Michael Cheng    Apr 19, 2018 8:30 AM PT
Spotify Leak Hints at Development of In-car Music Player Device
author: Michael Cheng   

Many tech companies are competing for space inside vehicles. Some are launching their own infotainment system for cars, such as Google's Android Auto and Apple's CarPlay platform. Other businesses are offering connected devices, which serve as an extension of services provided by the respective establishment. 

In the crowded music streaming services industry, Spotify could shake things up with the potential release of a portable in-car player. The device was leaked (intentionally?) earlier this year to several customers, via an offer inside the official mobile app.

In-car Player Rumors

The controversial leak is difficult to prove, due to multiple variations of the rumor. According to a handful of Spotify customers, a pop-up from the app showcased a small, circular gadget with physical buttons commonly found on mainstream music players (play, shuffle and track controls). Interestingly, some versions of the offer suggested the unit may not require connection to a mobile phone.

All of the offerings for the in-car player appeared in February. To date, the ad has not showed up on television, billboards, social media or the company's official website. According to individuals who saw the offer, the mysterious unit requires a monthly subscription, as well as options for mobile data.

In the company's support forums, several members asked about the device. However, moderators quickly dismissed such inquiries. It is important to highlight that Spotify is currently looking for professionals with hardware experience, which adds legitimacy to the rumor.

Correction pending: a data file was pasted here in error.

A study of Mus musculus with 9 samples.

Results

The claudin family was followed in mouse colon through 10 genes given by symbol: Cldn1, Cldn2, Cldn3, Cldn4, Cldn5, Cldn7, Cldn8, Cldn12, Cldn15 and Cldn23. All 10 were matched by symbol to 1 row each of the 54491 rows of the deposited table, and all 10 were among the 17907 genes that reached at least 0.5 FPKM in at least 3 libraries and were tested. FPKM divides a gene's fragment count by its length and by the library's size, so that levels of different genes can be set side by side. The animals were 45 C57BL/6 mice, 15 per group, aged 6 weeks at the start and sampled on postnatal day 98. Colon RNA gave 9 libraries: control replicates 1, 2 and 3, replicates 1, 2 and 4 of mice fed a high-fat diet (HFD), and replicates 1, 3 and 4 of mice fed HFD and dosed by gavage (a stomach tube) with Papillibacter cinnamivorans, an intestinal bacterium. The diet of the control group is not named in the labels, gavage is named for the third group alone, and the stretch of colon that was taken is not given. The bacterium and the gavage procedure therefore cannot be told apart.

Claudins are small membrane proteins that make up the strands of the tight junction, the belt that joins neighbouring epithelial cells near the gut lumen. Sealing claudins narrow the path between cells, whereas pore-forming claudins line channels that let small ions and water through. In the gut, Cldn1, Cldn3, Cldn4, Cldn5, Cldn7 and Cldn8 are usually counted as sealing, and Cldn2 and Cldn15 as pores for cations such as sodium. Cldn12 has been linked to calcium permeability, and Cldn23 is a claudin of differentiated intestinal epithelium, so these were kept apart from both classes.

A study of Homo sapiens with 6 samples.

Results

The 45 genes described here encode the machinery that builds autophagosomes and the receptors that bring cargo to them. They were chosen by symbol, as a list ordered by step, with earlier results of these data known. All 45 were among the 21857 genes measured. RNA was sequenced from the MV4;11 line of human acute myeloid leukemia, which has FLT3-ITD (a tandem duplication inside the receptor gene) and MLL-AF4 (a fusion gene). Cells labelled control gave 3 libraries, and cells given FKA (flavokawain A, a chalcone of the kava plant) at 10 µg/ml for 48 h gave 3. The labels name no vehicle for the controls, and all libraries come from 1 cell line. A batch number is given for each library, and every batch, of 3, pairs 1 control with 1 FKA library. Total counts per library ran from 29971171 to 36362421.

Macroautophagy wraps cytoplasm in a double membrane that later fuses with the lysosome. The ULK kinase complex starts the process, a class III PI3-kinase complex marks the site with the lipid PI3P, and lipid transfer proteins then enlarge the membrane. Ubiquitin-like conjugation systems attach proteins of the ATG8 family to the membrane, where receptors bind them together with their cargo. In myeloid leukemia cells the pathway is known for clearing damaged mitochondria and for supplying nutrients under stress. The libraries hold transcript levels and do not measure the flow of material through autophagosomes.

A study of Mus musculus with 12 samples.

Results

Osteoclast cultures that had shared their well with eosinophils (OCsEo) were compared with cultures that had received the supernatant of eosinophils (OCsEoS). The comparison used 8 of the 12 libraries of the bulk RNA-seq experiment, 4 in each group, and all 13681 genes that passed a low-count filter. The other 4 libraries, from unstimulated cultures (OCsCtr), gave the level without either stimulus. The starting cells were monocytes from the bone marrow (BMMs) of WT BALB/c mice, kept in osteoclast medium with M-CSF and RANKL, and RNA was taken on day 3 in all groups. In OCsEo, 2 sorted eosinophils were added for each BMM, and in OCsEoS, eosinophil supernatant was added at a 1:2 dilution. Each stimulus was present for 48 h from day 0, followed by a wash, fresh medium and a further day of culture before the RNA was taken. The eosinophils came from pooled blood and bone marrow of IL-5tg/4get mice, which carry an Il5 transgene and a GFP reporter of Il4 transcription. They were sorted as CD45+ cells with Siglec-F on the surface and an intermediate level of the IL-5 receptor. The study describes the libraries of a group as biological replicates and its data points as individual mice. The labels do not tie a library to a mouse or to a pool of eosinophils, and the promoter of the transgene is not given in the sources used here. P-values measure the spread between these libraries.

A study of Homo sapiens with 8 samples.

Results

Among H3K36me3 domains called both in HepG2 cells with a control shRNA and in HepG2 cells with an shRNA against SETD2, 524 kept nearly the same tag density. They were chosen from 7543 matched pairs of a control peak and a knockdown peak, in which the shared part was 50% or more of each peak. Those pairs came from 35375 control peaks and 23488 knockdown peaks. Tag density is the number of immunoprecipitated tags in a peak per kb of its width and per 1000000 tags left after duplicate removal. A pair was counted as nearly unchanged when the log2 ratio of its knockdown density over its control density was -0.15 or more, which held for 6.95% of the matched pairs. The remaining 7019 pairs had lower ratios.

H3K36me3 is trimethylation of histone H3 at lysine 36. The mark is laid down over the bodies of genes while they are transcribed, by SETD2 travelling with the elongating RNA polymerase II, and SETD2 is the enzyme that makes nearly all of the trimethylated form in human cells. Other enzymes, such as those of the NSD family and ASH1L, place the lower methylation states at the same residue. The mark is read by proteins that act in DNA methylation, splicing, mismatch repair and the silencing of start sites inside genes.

"Spotify has put out job listings for hardware projects, and the company is actively testing voice commands on its smartphone app. Conventional wisdom would point to Spotify building its own speaker in the vein of Apple's HomePod," explained Chris Welch from The Verge.

Competition in the music streaming niche is heating up, with Spotify leading the way. In 2017, it reported an impressive 60 million paying subscribers (10 million were added over the span of five months). On the other hand, tech giant Apple services 27 million subscribers (as of 2017).

Spotify IPO and Licensing Agreements

Valued at over $32 billion, Spotify is now a public company. Instead of taking the traditional IPO route, the tech brand opted to go with a direct listing. This allowed the initial stock price to be set based on supply and demand. Spotify also saved boatloads of money by foregoing costly underwriter fees associated with IPOs.

"Spotify is not raising capital, and our shareholders and employees have been free to buy and sell our stock for years," said Daniel Ek, CEO and co-founder of Spotify.

"This puts Spotify puts on a bigger stage, but doesn't change who we are, what we are about, or how we operate."

The company will likely use the money saved from the direct listing on future licensing agreements, which has been a critical part of the success of the business. A leaked 42-page contract between Sony Music Entertainment and Spotify, which was signed in 2011, revealed a whopping $42.5 million in advances.

Spotify also has licensing deals with Vivendi's Universal Music Group and Warner Music.